How many of us are truly ‘good’ people? I’m not. I fail just about everyday. I’m not even sure why. Sometimes, I think it is just sheer stubbornness that has me acting like a four year-old little girl—chin jutting out and arms crossed. I even stomp my foot and mutter under my breath. Immediately afterward, I have a second of clarity—yes, only a second—and I think to myself, “Gee, you should be so proud. Who is more mature than you?” Answer: My four year-old little girl.
This goes for every aspect of my life. But perhaps most shamefully, it applies to my spiritual life.
When my world shakes, even a little, I tend to withdraw into my stubborn shell. I retreat, hide under the covers, don’t want to be around people…and all because I am scared. What will happen? What is going to happen? Where is God, and why did He let this happen to me? Under those covers, I start to fume: God, why aren’t you here? What did I do wrong?
You see, I always turn to God—with my arms crossed, or peeking under the covers—and ask HIM why He tossed pain onto my life. But I just turn to Him—look at him—but I don’t talk to Him. No, shamefully, when I am angry and hurt, I decide to play the I’m-not-talking-to-you game…as if that is going to help my situation.
Romans 1:20 (Message) says this:
“People knew God perfectly well, but when they didn’t treat Him like God, refusing to worship Him, they trivialized themselves into silliness and confusion so there was neither sense nor direction left in their lives.”
In my stubborn, painful moments when I refuse to speak to God, let alone acknowledge Him as my King, I’m setting myself up for some even more painful moments down the road. Not only am I choosing to forgo the grace that my Heavenly Father can give me, but I am opening myself up for lies and attacks from the enemy. I hear the lies almost immediately: You’re such a fool. It is your fault, really. You should have been better, behaved better. You should have tried harder. There really is no worth in you…
And sometimes, I start to believe the lies. They become some sort of scarf that I tie around my neck and wear wherever I go—even when the weather deems scarves as inappropriate attire.
I understand why I act this way. I know when, where, and how the initial pain that caused this ‘self-preservation’ mode to set into my life came from. I could explain it, justify it, hold onto it as my one and only—albeit GREAT excuse—but does it really matter? Does it help me any?
Actually, it does. It always helps to know when and where the first crack appeared...
I was a little girl when I was rejected and abandoned by my biological father. That’s when it happened. I understand that my biological father probably did not realize all the detrimental pain, both physically and emotionally, he was about to dump on me when he left. But it happened. I remember running out the screen door and sitting in the yard, crying. I prayed. I remember that…and I think it is key to note…that in that first moment of true pain…I prayed.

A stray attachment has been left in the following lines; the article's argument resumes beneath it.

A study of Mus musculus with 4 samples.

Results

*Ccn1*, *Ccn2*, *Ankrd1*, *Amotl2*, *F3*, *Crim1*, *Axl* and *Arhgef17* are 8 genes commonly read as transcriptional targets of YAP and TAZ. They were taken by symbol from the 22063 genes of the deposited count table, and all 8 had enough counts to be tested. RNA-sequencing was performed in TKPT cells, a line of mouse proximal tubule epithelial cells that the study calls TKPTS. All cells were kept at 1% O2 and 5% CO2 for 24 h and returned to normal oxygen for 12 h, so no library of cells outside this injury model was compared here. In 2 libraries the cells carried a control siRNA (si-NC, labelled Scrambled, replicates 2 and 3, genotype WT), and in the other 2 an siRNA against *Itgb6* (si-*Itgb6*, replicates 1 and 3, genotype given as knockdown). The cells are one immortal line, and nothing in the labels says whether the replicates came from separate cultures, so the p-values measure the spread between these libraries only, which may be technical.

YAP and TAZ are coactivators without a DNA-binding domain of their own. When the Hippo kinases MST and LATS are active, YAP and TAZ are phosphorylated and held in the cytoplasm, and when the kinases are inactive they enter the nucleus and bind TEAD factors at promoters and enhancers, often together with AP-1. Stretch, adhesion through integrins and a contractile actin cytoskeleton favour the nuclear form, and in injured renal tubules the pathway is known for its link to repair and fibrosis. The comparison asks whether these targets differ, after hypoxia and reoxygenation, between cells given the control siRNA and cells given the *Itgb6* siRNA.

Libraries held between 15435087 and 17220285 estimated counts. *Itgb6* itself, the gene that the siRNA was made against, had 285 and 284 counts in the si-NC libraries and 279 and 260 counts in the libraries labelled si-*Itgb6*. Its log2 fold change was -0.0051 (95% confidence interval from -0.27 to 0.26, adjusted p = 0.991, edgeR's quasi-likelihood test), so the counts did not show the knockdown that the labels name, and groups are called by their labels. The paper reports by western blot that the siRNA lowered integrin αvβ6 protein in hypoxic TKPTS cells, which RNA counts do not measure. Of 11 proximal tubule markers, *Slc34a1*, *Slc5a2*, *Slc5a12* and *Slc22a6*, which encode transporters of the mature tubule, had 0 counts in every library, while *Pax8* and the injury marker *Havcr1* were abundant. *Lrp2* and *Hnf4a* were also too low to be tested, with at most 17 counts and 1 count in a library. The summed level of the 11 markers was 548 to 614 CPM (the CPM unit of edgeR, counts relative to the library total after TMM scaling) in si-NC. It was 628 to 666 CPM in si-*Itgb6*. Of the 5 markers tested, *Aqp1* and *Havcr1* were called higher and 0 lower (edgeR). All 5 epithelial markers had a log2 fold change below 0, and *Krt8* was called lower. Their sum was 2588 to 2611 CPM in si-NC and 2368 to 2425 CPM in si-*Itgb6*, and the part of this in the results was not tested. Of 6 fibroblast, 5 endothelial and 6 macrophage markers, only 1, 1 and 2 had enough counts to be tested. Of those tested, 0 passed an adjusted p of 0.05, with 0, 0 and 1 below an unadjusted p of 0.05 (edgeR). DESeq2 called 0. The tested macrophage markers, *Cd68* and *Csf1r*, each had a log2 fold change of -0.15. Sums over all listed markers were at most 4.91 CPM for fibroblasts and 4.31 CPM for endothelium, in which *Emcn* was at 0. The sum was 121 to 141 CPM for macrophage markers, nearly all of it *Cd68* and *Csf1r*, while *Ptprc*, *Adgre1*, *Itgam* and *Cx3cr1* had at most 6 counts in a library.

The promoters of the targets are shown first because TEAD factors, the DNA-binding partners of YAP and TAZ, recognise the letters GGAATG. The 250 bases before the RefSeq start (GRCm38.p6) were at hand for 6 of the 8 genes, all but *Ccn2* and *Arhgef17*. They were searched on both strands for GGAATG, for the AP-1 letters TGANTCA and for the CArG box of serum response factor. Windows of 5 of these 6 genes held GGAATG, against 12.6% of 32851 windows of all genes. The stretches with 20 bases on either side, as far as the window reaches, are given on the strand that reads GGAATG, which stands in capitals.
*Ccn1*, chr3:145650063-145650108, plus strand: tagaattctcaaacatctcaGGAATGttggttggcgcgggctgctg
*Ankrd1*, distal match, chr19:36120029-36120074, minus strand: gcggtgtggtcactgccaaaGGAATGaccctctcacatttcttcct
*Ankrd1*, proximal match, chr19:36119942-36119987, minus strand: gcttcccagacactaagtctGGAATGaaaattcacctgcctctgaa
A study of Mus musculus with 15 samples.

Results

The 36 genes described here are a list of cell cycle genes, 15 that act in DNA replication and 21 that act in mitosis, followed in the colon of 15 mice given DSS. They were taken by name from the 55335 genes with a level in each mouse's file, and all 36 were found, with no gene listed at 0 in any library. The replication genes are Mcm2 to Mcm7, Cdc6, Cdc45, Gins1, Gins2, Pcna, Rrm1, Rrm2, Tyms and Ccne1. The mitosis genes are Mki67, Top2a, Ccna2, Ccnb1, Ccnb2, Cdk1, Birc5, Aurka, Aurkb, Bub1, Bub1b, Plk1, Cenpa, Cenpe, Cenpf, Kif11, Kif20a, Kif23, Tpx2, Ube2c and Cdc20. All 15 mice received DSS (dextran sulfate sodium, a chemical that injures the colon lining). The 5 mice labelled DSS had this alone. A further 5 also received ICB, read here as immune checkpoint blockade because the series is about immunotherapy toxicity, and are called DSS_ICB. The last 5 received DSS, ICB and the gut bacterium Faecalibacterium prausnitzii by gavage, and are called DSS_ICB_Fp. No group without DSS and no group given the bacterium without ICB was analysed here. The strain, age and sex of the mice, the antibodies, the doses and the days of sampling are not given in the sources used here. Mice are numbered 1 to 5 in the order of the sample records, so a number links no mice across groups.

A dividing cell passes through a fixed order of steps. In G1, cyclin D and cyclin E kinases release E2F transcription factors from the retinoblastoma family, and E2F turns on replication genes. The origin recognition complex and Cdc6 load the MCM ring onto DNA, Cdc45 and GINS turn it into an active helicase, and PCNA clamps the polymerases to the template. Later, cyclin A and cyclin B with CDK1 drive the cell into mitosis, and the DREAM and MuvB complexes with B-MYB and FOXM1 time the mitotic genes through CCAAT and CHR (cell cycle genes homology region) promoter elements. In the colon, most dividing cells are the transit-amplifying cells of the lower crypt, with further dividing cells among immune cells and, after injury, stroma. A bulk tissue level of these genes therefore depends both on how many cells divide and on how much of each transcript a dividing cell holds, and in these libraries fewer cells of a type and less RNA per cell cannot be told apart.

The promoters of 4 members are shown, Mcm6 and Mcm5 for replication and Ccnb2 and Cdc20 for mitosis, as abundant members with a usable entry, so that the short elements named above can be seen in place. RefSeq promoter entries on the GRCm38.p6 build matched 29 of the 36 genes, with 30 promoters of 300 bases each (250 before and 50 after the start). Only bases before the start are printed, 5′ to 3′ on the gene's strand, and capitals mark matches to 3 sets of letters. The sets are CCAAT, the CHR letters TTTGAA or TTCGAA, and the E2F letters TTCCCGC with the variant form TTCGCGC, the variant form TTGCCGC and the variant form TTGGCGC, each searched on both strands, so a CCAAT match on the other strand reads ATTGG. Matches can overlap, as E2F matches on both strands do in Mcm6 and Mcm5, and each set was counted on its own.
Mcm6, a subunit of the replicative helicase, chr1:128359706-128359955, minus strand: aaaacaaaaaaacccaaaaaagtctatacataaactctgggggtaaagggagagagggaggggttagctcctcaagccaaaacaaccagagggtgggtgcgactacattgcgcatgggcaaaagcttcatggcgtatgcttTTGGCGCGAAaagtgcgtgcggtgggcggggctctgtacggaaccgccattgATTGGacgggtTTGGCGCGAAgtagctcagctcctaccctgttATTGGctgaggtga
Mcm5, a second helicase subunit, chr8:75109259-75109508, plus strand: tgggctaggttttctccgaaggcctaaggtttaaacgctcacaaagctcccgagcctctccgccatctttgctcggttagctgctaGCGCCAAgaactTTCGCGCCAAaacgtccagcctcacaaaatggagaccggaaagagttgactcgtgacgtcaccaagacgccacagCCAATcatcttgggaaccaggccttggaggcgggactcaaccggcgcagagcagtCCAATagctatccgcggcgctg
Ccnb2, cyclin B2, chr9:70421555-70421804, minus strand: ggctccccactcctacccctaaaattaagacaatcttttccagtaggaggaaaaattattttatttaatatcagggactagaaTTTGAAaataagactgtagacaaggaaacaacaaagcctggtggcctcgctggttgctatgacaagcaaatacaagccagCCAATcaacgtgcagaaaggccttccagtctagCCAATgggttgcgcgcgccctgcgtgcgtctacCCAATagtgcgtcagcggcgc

But the situation didn’t change. And lies set in.
Here I am, twenty-eight years old, and I am acting like the wounded, stubborn little girl I should have been on that day. It isn’t to my biological father that I get angry at either, but to my Heavenly Father. Why didn’t you protect me? Why aren’t you protecting me now?
Silly, isn’t it? Confusing, if nothing else.
If we cannot allow God to step in, scoop us up, and heal us of all pain—past and present—we are going to live out Romans 1:20 in one way or another. As for me, I’m going to get out from under the covers and unfold my arms. I’m going to relax my jaw and let my shoulders slump. I’m going to stand up, lift my eyes to my Father, and whisper, even as tears stream my cheeks, “This hurts…really, really bad.”
And that’s more than enough for healing to start. In that moment, I can cast all of my anxiety (and pain) on Him, for He cares for me (1 Peter 5:7). If His love can reach the heavens, and his faithfulness to the skies, than it can certainly meet me standing in my living room (Psalm 36:5). For no matter what has happened, or what will happen, He is my God who is mighty to save. He truly does delight in me (and you). He promises to quiet me with His love. He will rejoice over me with singing, because I make Him THAT happy (Zephaniah 3:17).
So, I will treat God as my King. Because even though life really does stink at times, I’m only seeing a tiny moment in the wonder that He has prepared for me…and the stinkiness was not part of it.